Earlier this month on an insufferable Baltimore summer's day, the only thing my colleague and friend Jacques Kelly and I wanted after work were a couple of tall cool gin-and-tonics.
And in pursuit of those wonderful English Raj heat beaters, our journey to McCabe's took us out Falls Road.
As we came abreast of the Baltimore Streetcar Museum, there sitting in the middle of the North Avenue streetcar loop, chained to a piece of track fixed aboard a flatbed truck, was a harbinger of winter.
There under a blazing sun, sat a vintage 1920s faded green snow sweeper, wearing the number C-127 and metal nameplate of its former owner, the Philadelphia Transportation Co., whose duty in life was roaming the streets of the Quaker City when Old Man Winter came calling.
We paused and pulled into the museum yard and parked.
We walked over and around the massive streetcar that would more accurately be described by streetcar brethren as a "work car."
Why was it here, we wondered, as we checked it out, because the museum already has a similar car in its collection.
Back in 2005, several museum members paid $4,500 for a C-145 that had earned its keep for decades removing snow from streetcar trackage for the Philadelphia Transportation Co. and successor company, SEPTA.
The cars don't actually push snow off streetcar rails; that's the job of the giant spinning sweepers that are hung under the car's superstructure.
Museum members spent several years bringing the old work car back to perfection, and one day last fall, I was given the opportunity to ride the car with Jacques, and even took a turn operating it as a "student motorman," with assistance from those intimate with its operation.
Museum members could hardly wait for the first decent snowstorm to put it to work, and last December, a week or so before Christmas, snow arrived. The C-145 exited the car house and made its appointed rounds in a grand manner.
I missed that performance, but Jacques was aboard and even took a turn at its controller.
As we walked around the new car, which smelled of fragrant oil oozing from its trucks, and admired the massive monster, much higher than a regular streetcar, we kept hoping to run into somebody from the museum who could explain its sudden appearance.
No one was around, so a few days later, I called Andy Blumberg, longtime museum member, motorman, and official photographer, who also handles public relations for the streetcar retirement home.
According to Andy, the car was built in 1923 by Philadelphia's J.G. Brill Co.
"It was one of more than 520 pieces of surface passenger equipment ordered by the PTC from Brill in 1923, and it represented the largest single order for surface passenger equipment at one time for Brill," he said.
"This one order alone was reputed to have kept the giant Brill plant busy for the balance of the year," he said. "The C-127 is virtually identical to BSM's C-145. Both were built in 1923, except the former was built for use as a snow sweeper from the beginning, while the latter saw service as a snow plow."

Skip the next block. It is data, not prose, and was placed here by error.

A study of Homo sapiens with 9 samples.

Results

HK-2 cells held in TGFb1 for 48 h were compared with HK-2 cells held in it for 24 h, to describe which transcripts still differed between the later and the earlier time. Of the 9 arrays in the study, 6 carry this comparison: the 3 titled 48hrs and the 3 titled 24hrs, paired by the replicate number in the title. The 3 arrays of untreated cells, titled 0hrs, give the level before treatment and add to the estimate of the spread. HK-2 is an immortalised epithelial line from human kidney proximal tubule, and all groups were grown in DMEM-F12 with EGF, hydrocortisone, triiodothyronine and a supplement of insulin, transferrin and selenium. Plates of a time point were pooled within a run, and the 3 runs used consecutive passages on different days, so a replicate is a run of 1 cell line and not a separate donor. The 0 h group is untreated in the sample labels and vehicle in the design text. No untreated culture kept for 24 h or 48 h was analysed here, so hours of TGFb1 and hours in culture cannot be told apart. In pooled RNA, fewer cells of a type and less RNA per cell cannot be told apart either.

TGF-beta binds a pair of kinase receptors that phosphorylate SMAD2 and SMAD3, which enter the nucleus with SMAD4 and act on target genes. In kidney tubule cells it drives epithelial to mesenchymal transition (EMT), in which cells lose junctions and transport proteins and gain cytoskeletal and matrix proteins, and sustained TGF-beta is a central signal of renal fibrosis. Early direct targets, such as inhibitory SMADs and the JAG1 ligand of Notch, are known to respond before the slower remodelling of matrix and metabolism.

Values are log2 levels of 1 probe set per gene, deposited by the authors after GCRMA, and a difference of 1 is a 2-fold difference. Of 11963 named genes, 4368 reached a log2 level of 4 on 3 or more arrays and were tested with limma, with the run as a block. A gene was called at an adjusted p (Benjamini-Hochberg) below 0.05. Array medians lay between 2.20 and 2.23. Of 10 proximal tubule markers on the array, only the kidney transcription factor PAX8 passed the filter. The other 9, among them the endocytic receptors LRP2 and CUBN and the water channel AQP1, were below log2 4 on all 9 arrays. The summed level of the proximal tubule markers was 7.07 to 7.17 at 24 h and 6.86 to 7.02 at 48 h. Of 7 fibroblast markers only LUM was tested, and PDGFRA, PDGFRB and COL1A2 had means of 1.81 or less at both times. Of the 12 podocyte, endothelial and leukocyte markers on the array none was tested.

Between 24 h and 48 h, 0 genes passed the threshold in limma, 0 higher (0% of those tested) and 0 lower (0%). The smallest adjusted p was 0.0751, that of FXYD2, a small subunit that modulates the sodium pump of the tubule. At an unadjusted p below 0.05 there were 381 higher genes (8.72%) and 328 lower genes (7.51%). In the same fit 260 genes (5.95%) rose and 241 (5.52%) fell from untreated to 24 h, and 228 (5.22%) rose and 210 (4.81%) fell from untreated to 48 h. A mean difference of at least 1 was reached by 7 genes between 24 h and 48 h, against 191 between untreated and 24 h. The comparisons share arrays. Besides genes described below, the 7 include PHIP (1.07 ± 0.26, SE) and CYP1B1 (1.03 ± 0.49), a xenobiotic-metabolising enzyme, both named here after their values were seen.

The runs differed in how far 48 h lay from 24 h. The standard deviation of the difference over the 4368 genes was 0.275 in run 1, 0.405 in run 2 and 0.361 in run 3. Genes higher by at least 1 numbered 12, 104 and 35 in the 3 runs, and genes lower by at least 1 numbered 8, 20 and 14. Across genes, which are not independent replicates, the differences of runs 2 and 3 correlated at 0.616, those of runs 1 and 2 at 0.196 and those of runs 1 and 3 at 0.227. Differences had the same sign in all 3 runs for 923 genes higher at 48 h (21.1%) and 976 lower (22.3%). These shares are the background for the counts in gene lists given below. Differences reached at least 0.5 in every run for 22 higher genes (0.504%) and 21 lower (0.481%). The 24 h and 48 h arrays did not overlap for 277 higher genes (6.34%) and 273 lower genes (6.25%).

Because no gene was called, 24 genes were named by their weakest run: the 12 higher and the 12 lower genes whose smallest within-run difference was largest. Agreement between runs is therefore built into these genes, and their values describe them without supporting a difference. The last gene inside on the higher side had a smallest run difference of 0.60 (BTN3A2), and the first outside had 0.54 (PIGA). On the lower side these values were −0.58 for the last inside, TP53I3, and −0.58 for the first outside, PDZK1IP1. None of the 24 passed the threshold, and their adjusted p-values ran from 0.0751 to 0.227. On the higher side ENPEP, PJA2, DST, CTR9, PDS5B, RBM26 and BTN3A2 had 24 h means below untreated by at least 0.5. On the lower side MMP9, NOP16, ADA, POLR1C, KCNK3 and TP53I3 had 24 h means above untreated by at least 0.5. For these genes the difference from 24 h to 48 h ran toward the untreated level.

Andy explained that the visitor was just that, and the museum was just acting as a "baby sitter" and interim curator because the snow sweeper is being moved to another museum.
"We plan to house it, perhaps for an extended period, under cover on 4 track, which is the farthest from Falls Road," he said.
Andy urged that I speak with Ed Amrhein, another longtime streetcar enthusiast and museum member.
"Ed's talents at 'horse trading' make him a very valuable member of the BSM, as he's helped create many multiple-museum swaps of cars and parts, in the process acquiring quite a reputation as deal maker among traction museum members," he said. "That's a pretty interesting story in itself."
So, I called the ever-genial and amiable Amrhein.
And, Andy was right, it was an integral part of one of Amrhein's schemes.
"Actually, the Electric City Trolley Museum in Scranton, Pa., owns it," he explained. "The C-127 does run but it needs extensive restoration. However, it is more complete than when our snow sweeper came to us."
Amrhein said that the C-127 was able to back off the flatbed truck using its own traction motors.
"It doesn't have a pole and we strung a wire over to it and down she came," he said.
He said that no restoration work will be undertaken while the car is in Baltimore.
The Scranton museum will donate to the BSM a 1926 flatcar with a crane that was installed in 1980, and then the sweeper will go north to Scranton.
"By getting the crane car, we can put ours on display, and use the 1926 crane car for our track work," said Amrhein.
Also, a side deal will bring two missing wing snow plows, which were suspended under the sweeper car and swung out when in service, and after being reinstalled, will make the C-147 nearly as complete as when it rolled out of Brill's Woodland Avenue car works 88 years ago.
When its days roaming Philadelphia's streets came to an end, it was sold by SEPTA to a streetcar fan.
"The C-127 came from a private owner in Uniontown, Pa., and left SEPTA a long time ago," said Amrhein.
"The guy's name was Ed Mitchell and he bought it and operated it on his place in Uniontown. He had 100 feet or so of track. He kept it in the barn and operated it for the pleasure of his grandkids," he said. "After he died, Electric City bought it for $2,000."
With an average of 48 inches of snow a year in Scranton, it looks as though the C-127, once restored, will be kept mighty busy.